This topic explains how VMware Tanzu Application Service for VMs (TAS for VMs) deployments include several layers of high availability to keep apps running during system failure. These layers include AZs, app health management, process monitoring, and VM resurrection.
Ops Manager supports deploying apps instances across multiple AZs. This level of high availability requires that you define AZs in your IaaS. Ops Manager balances the apps you deploy across the AZs you defined. If an AZ goes down, you still have app instances running in another.
You can configure your deployment so that Diego Cells are created across these AZs in the Assign AZs and Networks pane of the TAS for VMs tile.
If you lose app instances for any reason, such as a bug in the app or an AZ going down, Ops Manager restarts new instances to maintain capacity. Under Diego architecture, the nsync, BBS, and Cell Rep components track the number of instances of each app that are running across all of the Diego cells. When these components detect a discrepancy between the actual state of the app instances in the cloud and the desired state as known by the Cloud Controller, they advise the Cloud Controller of the difference and the Cloud Controller initiates the deployment of new app instances.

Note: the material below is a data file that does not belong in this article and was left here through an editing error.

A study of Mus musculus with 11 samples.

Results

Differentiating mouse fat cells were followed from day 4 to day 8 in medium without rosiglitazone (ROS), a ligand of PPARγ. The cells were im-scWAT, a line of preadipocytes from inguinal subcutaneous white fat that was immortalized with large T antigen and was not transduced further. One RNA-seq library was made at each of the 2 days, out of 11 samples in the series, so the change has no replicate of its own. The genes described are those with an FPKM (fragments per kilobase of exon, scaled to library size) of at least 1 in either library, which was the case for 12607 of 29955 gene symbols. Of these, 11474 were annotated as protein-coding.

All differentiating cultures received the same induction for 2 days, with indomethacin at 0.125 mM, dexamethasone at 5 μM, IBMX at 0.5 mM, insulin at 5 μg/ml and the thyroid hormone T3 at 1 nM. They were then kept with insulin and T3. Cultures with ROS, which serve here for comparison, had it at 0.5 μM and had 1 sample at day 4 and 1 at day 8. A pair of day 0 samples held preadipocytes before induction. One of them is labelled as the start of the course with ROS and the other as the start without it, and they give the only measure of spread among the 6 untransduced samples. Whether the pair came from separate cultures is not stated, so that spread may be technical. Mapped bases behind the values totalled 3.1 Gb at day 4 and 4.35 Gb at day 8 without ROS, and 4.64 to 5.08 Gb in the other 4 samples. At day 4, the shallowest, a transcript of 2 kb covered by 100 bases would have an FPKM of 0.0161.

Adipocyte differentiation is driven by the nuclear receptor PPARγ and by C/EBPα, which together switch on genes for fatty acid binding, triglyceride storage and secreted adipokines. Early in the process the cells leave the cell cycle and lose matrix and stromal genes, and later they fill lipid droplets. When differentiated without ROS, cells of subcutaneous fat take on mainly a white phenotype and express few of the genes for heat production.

For more information about the nsync, BBS, and Cell Rep components, see the nsync, BBS, and Cell Rep section of the TAS for VMs Components topic.
Ops Manager uses a BOSH agent, monit, to monitor the processes on the component VMs that work together to keep your apps running, such as nsync, BBS, and Cell Rep. If monit detects a failure, it restarts the process and notifies the BOSH agent on the VM. The BOSH agent notifies the BOSH Health Monitor, which triggers responders through plugins such as email notifications or paging.
BOSH detects if a VM is present by listening for heartbeat messages that are sent from the BOSH agent every 60 seconds. The BOSH Health Monitor listens for those heartbeats. When the Health Monitor finds that a VM is not responding, it passes an alert to the Resurrector component. If the Resurrector is enabled, it sends the IaaS a request to create a new VM instance to replace the one that failed.
To enable the Resurrector, see the following pages for your particular IaaS: AWS, Azure, GCP, OpenStack, or vSphere.